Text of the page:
The New Jersey Alimony Reform Act and Alimony Payers’ Rights
Many divorcing couples in New Jersey have questions about spousal support before the divorce. A recent case in Morristown considered when it’s appropriate to stop paying alimony to an ex-spouse with a new relationship.
In 2007, a New Jersey couple divorced after 22 years of marriage. One spouse has paid the other alimony ever since. However, with the enactment of the New Jersey Alimony Reform Act (N.J.S.2A:34-23, September 2014), alimony payers were provided with new rights.
In this example, the ex-husband asked the court to consider whether his ex-wife and her boyfriend are “engaged in cohabitation” so that he could stop paying her alimony.
The ex-wife’s attorney said that the woman and her new partner are in a dating relationship. They see each other approximately three times each week. He argued that because the couple maintains individual residences and don’t share financial responsibilities or household duties, the ex-wife should continue to receive alimony.
In addition, the ex-wife’s attorney argued the ex-husband’s premise is worrisome because, if he wins the lawsuit, many divorced women might refrain from making new dating relationships out of concerns about alimony.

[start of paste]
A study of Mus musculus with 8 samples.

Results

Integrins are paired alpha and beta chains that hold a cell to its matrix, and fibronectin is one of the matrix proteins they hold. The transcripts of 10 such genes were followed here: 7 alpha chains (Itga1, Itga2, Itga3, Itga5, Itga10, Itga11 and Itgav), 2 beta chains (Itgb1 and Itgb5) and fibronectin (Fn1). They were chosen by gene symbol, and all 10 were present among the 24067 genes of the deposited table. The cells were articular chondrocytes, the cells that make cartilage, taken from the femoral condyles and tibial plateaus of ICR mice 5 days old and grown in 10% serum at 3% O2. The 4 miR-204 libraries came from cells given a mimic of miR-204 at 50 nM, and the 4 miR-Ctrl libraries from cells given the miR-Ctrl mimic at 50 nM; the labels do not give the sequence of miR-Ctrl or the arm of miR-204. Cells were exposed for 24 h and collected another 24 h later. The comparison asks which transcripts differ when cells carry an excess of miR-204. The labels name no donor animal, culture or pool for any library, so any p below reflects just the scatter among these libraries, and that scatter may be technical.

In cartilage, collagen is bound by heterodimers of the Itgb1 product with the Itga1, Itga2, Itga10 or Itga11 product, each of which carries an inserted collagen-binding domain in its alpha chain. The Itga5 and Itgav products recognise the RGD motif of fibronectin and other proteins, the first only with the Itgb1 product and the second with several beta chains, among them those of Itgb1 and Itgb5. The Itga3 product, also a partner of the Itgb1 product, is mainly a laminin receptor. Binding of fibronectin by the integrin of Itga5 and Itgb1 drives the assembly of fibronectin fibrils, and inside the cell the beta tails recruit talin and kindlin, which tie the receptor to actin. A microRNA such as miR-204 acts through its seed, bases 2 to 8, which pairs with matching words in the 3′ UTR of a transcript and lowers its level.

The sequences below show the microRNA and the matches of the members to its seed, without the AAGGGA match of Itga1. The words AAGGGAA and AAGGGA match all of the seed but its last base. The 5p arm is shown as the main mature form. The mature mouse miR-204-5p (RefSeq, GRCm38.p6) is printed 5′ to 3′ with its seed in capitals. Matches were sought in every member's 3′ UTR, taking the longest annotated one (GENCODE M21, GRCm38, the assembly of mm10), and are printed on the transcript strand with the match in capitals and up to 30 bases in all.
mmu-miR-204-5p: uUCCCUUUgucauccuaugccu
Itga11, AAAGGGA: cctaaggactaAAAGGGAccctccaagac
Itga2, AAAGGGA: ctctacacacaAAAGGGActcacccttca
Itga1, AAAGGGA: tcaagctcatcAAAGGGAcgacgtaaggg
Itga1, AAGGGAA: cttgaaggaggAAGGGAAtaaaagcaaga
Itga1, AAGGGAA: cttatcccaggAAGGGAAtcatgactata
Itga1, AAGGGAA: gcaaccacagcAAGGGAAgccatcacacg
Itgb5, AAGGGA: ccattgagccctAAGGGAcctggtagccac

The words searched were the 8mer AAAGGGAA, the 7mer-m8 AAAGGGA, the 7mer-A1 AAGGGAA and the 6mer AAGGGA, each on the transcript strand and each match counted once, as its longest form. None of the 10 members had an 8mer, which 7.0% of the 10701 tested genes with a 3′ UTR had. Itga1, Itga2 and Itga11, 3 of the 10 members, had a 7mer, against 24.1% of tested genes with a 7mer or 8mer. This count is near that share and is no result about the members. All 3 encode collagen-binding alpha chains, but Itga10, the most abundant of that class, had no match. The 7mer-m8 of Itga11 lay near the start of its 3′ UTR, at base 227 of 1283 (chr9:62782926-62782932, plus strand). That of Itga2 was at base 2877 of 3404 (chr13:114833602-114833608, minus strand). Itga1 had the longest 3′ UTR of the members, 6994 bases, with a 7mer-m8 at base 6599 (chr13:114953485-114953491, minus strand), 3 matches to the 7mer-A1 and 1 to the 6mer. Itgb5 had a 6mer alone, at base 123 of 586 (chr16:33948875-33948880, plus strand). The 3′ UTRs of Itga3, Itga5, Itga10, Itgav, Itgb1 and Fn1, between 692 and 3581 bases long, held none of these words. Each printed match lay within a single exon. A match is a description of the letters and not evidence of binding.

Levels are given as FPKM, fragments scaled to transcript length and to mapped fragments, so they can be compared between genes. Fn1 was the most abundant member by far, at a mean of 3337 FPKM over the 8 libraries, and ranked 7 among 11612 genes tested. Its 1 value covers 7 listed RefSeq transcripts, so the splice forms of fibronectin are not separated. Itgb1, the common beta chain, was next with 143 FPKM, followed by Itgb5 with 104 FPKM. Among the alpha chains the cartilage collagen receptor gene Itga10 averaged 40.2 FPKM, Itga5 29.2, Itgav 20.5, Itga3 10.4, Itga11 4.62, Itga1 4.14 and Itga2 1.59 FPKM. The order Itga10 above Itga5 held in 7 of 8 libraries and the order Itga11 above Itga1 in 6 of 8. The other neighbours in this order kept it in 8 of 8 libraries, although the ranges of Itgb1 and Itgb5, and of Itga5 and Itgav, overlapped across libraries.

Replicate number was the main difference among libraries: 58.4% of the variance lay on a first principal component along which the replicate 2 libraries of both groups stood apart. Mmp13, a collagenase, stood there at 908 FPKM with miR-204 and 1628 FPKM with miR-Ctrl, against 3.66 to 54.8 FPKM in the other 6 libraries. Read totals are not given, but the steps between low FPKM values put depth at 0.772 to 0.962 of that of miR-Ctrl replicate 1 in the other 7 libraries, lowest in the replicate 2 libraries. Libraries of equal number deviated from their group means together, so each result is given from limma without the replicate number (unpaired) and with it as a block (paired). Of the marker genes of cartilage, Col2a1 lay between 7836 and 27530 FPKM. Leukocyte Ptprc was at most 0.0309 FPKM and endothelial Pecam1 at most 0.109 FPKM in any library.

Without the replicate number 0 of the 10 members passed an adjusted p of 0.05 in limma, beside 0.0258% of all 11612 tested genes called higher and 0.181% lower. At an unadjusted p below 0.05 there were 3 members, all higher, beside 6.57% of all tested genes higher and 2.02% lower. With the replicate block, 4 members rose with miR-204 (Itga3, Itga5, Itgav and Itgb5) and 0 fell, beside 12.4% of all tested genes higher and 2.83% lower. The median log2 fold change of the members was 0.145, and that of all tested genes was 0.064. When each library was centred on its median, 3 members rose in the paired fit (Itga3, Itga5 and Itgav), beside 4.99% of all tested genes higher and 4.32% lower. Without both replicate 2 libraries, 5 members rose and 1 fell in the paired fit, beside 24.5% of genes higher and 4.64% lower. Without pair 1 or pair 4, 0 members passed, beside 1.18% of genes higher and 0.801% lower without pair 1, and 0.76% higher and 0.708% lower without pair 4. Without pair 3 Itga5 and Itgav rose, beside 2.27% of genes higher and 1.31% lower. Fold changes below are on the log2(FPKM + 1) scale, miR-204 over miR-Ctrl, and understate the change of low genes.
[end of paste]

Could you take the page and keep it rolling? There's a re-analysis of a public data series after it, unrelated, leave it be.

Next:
The judge must evaluate eight factors to decide if the couple is “cohabiting” or not. The law says that cohabitation includes joint finances, shared household duties and living expenses, and a “recognized relationship” by the couple’s friends and family. However, the Alimony Reform Act says that the judge may determine that the couple is cohabiting even if they don’t live together in the same place on a full-time basis.
The new law has changed the implementation of alimony in New Jersey, particularly when an ex-spouse wants to modify the initial obligation by agreement or alimony award. Since its passage, many ex-spouses have sought to terminate initial alimony agreements using the new features of the law.
Alimony is a complex topic. The new law can help payers in several important scenarios, including job loss or retirement. If you have questions about alimony and divorce, contact the Law Office of Lois Garber Schwartz, Esq. in Cherry Hill, NJ in confidence at 856-375-8989.
The articles on this blog are for informative purposes only and are no substitute for legal advice or an attorney/client relationship. If you are seeking legal advice, please contact our law firm directly.